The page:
Commission reluctantly approves controversial German telecoms rule

Günther Oettinger

[European Commission]

The European Commission gave a feeble stamp of approval to a controversial German telecoms rule yesterday (19 July), putting a temporary stop to Brussels’ fight with the German regulator.

It took three months for Germany’s telecoms regulator, the Bundesnetzagentur, to secure the Commission’s consent for a new regulation to speed up broadband internet connections.

But the executive’s approval is only half-hearted: after the summer, the Bundesnetzagentur will still have to send the Commission a new proposal laying out how it will change its rule to make sure smaller telecoms operators are able to access internet networks.

Under the Bundesnetzagentur’s regulation, giant operator Deutsche Telekom will invest €1 billion to use the vectoring technology to update its copper networks. Competing companies like Vodafone pushed back against the agency’s decision to allow vectoring, which they say will cut off their access to internet users and delay a wide-scale switch to faster fibre glass networks.

In May, German Commissioner Günther Oettinger, who is in charge of EU digital policy, announced he was opening a probe to test whether the rule complies with EU law.

Oettinger’s decision prompted a fight with Berlin and raised concerns that if the Commission blocked the Bundesnetzagentur’s rule, the German government would miss its target to bring internet speeds up to 50 megabits per second by 2018.

In a surprising pivot, the German regulator sent a changed draft regulation to Brussels last month.


But the executive’s decision still sends the Bundesnetzagentur back to the drawing board. This autumn, the agency will have to draft a new regulation that makes clear how competing telecoms firms can share networks with Deutsche Telekom once it starts using the vectoring technology. Legally, yesterday’s decision is useless until the Bundesnetzagentur writes up that rule and secures the Commission’s approval.

One Commission source close to the decision called the missing proposal a “critical element”.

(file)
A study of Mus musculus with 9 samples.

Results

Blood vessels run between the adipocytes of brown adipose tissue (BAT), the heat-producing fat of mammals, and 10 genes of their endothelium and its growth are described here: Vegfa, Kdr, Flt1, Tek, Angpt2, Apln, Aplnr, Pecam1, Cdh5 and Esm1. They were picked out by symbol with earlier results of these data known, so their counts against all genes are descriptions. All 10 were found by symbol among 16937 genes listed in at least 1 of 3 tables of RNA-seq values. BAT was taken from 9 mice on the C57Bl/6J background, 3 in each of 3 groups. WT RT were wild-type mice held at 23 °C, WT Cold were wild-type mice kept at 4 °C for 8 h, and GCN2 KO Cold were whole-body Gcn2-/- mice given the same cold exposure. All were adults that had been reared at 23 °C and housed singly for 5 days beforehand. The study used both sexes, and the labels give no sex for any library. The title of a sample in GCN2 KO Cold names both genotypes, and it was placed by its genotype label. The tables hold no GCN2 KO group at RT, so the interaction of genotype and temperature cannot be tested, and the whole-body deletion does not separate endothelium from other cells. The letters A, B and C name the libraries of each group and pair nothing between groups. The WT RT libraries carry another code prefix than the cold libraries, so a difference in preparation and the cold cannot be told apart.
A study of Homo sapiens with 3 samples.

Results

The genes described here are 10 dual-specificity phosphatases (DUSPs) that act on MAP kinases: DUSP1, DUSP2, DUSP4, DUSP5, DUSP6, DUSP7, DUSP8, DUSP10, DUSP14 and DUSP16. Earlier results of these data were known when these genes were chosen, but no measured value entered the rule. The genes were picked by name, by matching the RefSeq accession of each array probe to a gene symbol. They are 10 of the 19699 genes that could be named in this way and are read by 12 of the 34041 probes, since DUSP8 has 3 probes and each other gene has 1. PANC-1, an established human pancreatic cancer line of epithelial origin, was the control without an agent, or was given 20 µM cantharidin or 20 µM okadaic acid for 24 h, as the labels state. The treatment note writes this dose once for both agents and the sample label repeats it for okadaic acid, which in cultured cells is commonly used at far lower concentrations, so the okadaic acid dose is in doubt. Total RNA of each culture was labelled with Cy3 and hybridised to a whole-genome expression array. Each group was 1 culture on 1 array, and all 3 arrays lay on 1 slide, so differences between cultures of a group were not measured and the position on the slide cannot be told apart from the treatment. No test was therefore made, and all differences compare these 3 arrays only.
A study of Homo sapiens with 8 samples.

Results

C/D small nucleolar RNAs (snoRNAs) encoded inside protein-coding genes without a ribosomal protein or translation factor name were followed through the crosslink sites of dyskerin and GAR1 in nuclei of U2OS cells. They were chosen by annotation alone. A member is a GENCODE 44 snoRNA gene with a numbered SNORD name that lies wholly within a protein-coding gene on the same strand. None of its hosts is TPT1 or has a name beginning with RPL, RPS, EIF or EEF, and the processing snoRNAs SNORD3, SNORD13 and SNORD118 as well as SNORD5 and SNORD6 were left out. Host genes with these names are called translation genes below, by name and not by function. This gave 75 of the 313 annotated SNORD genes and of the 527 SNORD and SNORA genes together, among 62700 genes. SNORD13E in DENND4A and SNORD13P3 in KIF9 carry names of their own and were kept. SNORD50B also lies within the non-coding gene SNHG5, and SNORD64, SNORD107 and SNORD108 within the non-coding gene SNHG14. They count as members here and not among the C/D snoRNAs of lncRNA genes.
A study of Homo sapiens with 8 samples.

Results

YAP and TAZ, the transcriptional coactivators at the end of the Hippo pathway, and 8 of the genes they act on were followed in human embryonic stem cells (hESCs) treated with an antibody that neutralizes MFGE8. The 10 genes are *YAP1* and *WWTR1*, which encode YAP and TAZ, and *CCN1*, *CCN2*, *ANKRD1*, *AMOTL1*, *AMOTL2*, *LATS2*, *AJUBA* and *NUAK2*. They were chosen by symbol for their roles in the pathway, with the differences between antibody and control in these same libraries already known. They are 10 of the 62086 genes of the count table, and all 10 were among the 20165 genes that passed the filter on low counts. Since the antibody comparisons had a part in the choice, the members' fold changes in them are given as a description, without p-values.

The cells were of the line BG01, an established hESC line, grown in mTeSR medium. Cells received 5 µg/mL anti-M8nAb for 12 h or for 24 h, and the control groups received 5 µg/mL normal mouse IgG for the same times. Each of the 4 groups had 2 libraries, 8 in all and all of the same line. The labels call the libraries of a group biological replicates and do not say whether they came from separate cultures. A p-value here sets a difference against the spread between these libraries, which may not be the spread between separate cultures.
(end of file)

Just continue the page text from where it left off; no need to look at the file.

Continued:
“The idea of having speed gains and faster broadband can only really materialise once there is this ‘product’ which is actually working,” the source said.

Deutsche Telekom can already build new network infrastructure but the firm is barred from using the vectoring technology for internet connections until the new rule is drafted and cleared by the Commission. Before that happens, the Bundesnetzagentur will hold a national consultation on the measure.

“They can put everything in place but they cannot activate it. This doesn’t delay the investment but it delays the whole application,” the Commission source said.

The EU executive expects the Bundesnetzagentur to send in its new regulation later this year, meaning the process to gain another approval in Brussels could drag into 2017.

A Deutsche Telekom spokesman said the firm welcomed the Commission’s decision yesterday but was still examining the demand for a further review process in autumn. “This was not part of the decision draft the German regulator published before,” the spokesman said.


The upcoming reform is expected to affect investment in telecoms networks, access to networks and competition with internet services like Skype and Whatsapp. Big incumbent telecoms companies argue those services aren't regulated as rigorously--and they demand a 'level playing field'.

In November 2015, the German national telecoms regulator approved a request by Deutsche Telekom to use the controversial vectoring technology to deliver high speed broadband, which competing companies say will crowd out their access to networks. The executive was notified about the decision on 7 April 2016, and will then issue its own decision about whether the deal breaks EU law and opened an inquiry into the rule on 10 May. On 19 July, the Commission approved the

The executive was notified about the decision on 7 April 2016, and will then issue its own decision about whether the deal breaks EU law and opened an inquiry into the rule on 10 May. On 19 July, the Commission approved the regulation, but gave the Bundesnetzagentur until autumn to submit an additional proposal that makes clear how competing firms can use internet networks.